The Environmental and Energy Study Institute (EESI) and the ChinaFAQs project of the World Resources Institute (WRI) invite you to a briefing on China’s increasing role in advancing renewable energy, energy efficiency, and climate policies.

China is a leader in the deployment of clean energy technologies, and the world’s largest manufacturer of wind turbines and solar panels. The United States and China cooperate on a number of clean energy initiatives, producing benefits for both countries. However, China has emerged as a major competitor with the United States and other countries in clean energy technology on a global scale. Moreover, some commentators in each country see the other country as a roadblock to an international climate agreement, and China and the United States emit the most greenhouse gases in the world.

Speakers will highlight key aspects of China’s approach to clean energy and climate policy, how it fits into the global landscape, and the challenges and opportunities for U.S. efforts to develop clean energy and tackle climate change. Speakers for this event include:

  • Mark Levine, Senior Staff Scientist and Group Leader (Founder), China Energy Group, Lawrence Berkeley National Lab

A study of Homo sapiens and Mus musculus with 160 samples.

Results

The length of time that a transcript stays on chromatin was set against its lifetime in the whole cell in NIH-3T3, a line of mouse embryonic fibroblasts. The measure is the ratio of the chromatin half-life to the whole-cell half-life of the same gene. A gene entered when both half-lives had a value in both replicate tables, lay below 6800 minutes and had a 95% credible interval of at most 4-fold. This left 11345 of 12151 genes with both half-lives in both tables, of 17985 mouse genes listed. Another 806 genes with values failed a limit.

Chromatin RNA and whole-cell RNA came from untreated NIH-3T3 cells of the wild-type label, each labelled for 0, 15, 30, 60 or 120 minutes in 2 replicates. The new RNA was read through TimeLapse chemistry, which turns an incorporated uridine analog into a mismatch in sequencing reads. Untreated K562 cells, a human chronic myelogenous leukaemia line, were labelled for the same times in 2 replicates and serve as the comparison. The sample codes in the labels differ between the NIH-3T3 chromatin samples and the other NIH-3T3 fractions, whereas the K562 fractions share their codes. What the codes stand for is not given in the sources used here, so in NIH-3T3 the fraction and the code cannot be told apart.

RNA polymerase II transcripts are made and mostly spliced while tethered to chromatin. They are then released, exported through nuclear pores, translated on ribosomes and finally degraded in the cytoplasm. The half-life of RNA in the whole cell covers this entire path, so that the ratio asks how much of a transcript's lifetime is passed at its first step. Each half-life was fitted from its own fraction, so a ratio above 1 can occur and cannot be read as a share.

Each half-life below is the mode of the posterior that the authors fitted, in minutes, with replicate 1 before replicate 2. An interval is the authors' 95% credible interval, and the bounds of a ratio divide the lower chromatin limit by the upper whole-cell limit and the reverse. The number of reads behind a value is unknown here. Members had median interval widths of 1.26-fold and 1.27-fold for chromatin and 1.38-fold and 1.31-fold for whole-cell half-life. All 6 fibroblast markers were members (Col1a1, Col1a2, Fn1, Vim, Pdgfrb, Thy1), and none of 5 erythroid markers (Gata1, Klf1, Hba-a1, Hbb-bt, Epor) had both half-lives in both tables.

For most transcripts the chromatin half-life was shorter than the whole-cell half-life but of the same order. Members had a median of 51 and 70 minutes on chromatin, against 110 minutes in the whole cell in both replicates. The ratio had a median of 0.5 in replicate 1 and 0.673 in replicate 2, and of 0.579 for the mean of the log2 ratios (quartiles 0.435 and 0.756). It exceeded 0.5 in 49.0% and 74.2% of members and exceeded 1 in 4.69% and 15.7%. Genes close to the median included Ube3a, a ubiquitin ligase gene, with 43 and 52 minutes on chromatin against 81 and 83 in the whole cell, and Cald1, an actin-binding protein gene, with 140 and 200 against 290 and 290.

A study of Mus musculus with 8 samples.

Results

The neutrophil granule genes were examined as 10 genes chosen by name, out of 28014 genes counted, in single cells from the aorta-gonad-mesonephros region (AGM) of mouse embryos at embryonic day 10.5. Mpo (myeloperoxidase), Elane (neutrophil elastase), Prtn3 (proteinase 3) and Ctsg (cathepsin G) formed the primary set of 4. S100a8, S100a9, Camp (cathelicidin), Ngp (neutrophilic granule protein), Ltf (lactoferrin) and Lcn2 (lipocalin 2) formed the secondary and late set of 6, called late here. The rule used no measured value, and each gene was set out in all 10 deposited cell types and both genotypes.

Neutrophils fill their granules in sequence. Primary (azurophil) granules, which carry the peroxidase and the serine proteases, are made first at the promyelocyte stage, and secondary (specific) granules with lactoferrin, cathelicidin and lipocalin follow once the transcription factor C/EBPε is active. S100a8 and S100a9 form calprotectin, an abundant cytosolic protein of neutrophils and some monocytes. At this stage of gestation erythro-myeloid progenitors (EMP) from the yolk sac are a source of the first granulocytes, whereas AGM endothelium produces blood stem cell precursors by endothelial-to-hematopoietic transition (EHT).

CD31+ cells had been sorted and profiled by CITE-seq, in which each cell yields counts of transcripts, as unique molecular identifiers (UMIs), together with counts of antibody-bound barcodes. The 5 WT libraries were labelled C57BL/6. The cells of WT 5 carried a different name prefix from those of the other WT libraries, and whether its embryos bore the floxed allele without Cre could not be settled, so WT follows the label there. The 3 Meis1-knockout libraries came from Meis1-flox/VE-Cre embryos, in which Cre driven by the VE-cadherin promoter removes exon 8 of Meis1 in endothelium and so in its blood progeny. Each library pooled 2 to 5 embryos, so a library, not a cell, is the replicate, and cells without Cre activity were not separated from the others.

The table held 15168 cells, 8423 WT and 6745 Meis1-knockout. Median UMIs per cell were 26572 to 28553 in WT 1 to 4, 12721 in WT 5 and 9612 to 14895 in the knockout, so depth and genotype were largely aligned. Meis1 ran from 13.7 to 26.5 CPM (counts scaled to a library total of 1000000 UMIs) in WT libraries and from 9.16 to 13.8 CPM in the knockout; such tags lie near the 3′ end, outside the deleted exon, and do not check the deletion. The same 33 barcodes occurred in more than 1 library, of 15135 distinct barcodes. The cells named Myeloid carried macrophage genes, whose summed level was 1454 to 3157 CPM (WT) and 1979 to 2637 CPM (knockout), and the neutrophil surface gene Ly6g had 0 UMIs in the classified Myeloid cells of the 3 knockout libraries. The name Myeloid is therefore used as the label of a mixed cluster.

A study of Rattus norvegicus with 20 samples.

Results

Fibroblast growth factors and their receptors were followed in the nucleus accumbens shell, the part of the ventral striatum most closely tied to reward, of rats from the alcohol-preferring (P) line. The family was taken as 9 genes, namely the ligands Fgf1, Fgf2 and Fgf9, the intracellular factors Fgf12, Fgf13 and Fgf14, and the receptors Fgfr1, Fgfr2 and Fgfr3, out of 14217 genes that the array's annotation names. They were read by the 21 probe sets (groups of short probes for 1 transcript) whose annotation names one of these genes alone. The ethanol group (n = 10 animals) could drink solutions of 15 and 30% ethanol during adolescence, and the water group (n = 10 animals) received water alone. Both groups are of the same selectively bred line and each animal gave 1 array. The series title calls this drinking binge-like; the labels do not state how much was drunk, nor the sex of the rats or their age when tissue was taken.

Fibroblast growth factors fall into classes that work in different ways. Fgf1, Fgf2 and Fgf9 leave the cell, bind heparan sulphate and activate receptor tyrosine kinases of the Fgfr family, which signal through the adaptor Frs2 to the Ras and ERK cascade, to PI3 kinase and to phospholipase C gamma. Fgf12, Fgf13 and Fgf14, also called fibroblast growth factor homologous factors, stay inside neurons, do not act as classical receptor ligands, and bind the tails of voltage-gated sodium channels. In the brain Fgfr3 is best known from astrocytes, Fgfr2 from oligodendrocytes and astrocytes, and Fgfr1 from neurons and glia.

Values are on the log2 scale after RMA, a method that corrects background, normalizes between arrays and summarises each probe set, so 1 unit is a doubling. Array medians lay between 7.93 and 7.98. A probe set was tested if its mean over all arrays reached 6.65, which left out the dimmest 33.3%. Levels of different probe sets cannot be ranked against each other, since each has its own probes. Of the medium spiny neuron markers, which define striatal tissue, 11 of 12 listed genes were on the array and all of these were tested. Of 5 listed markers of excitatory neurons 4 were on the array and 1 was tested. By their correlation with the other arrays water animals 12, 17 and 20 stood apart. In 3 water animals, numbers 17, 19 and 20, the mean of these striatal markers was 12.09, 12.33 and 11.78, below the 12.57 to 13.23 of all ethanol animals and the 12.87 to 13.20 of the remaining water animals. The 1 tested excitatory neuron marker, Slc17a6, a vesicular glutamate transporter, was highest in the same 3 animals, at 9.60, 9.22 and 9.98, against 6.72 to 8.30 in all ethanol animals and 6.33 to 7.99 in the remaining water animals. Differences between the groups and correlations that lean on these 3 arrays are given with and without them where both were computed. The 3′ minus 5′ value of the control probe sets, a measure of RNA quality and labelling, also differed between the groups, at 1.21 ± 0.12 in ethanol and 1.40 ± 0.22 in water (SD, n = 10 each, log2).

• Joanna Lewis, Assistant Professor of Science, Technology, and International Affairs, Georgetown University’s School of Foreign Service (invited)
  • Deborah Seligsohn, Principal Advisor to the China, Energy and Climate Program, World Resources Institute Beijing office
  • Sun Guoshun, First Secretary, Embassy of the People's Republic of China
  • Kathy Weiss, Vice President, Government Relations, First Solar

On March 14, China’s National People’s Congress adopted its 12th Five Year Plan for economic development, which includes new goals for carbon intensity, renewable energy deployment, and energy efficiency. In 2010, China made international headlines for its use of measures such as partial shutdowns of manufacturing plants to meet its energy efficiency goals of the 11th Five Year Plan. While there were many challenges associated with its approach, there were also many positive developments, such as a 19 percent reduction in energy intensity.

This briefing is free and open to the public. No RSVP required.